It is important to have HIGH LEARNING EXPECTATIONS for children who have Autism Spectrum Disorder (ASD). Encourage use of the core educational curriculum and modify it in order to meet the individual needs of the child.
What you need to know
ASD covers a large continuum of skills that differ from child to child.
- Not all signs or traits listed apply to every individual.
- It is important to identify a child’s strengths and challenges.
Complete developmental and educational assessments (including speech and language evaluation, and occupational/physical therapy evaluation) are recommended for planning.
- A multidisciplinary/interdisciplinary team approach is helpful.
- Open communication with the special education team is critical if a child in the classroom is showing behavioral signs of Autism Spectrum Disorder.
All children with ASD have individual communicative needs. For children with ASD, communication often comes slower and differently. Some children never acquire expressive language, while others are well spoken and have high linguistic abilities. However, the common theme across ASD is differences in social communication.
- ASD has been associated with delays in social skills and social communication. Often, children with Autism have difficulty initiating conversations, turn taking in conversations, and/or maintaining a conversation.
- They may have difficulty “reading between the lines”. Understanding humor may also be difficult, often due to their focus on literal interpretations. Many children with Autism have difficulties telling understandable stories, role playing, and using imaginative play.
- In some cases, children with ASD will display a general lack of eye contact, have reduced emotion, and include imitations of environmental sounds (echolalia) in their communication.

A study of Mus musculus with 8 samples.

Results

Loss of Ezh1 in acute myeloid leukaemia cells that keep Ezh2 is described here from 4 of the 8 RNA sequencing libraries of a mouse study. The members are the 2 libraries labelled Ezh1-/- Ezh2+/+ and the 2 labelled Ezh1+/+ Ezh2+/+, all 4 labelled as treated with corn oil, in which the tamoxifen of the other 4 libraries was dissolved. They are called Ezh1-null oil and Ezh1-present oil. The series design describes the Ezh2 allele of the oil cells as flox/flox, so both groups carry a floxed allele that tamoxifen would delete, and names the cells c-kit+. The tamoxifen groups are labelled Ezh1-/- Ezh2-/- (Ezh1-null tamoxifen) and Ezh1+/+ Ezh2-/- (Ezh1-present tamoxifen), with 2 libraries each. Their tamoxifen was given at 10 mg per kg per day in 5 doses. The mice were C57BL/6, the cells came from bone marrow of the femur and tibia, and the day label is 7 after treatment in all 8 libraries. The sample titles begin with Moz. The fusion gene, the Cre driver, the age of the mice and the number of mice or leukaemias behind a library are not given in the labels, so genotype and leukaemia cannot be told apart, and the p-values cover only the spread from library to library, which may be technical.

What you can do
- Integrated teaching approach
- Support for developing friends; direct modeling and instruction for developing social relationships
- Occupational therapy and speech therapy evaluation and ongoing therapy as needed
- May provide individual support
- Can work together to design programs such as social-motor groups.
- Special education and anticipatory management. For example, avoiding too much stimulation may prevent behaviors.
- Goals that emphasize the child’s learning style and strengths
- Concrete, high interest examples and materials
- Recognize need for individual attention
- Small class size
- May need 1:1 support or floating classroom assistant
- Avoidance of sudden change
- Modeling and imitation for both behavioral and communication goals
- Highly structured, predictable routines with visual cues for changes in expected events
- Inclusion of functional skills, along with the academic skills
- Self-help goals integrated with language and motor skills (i.e. eating, dressing, toileting).
- Occupational therapists ensure appropriate settings and equipment for a calm, structured learning environment. Use of special chairs, postural supports, etc. may be helpful.
- Positive Behavioral Supports (PBS) are often effective in working with a child with Autism. The idea behind PBS is to understand the function of behavior, teach more effective methods, and change the behavior of adults. It includes an effective support plan.
- Autism Speaks summarizes PBS. Key components of creating an effective plan for implementing PBS are clarity, consistency, simplicity, and continuation.
- Keep distractions to a minimum
- Use visual and tactile aids
- Provide periodic sensory breaks
- Teach using several short periods of time
- Help with organization
- Present information in concrete manner
- Repetition will help children remember basic facts
- Individuals may learn better when material is presented as a whole rather than in sequence
- Visual cues, including logos, pictures, and sign language are helpful
- Break down word problems to help with reading
- Help children apply information they have learned to new situations
- Use concrete examples
The following evidence-based practice communication programs have been implemented with individuals with Autism and proven successful, or have in some way benefited the individual’s communication:
- Functional Communication Training
- Picture Exchange Communication System (PECS)
- Picture Exchange Communication System (PECS)
- What is PECS (parent friendly)
- Peer Mediated Instruction and Intervention (PMII)
- Pivotal Response Treatment
- You may want additional information about your child’s disability, early intervention, school services, therapy, local policies, transportation, and much more. Every state in the USA has at least one Parent Training and Information Center (PTI) to offer families just this kind of information. To find your state’s center, go to the Center for Parent Information and Resources.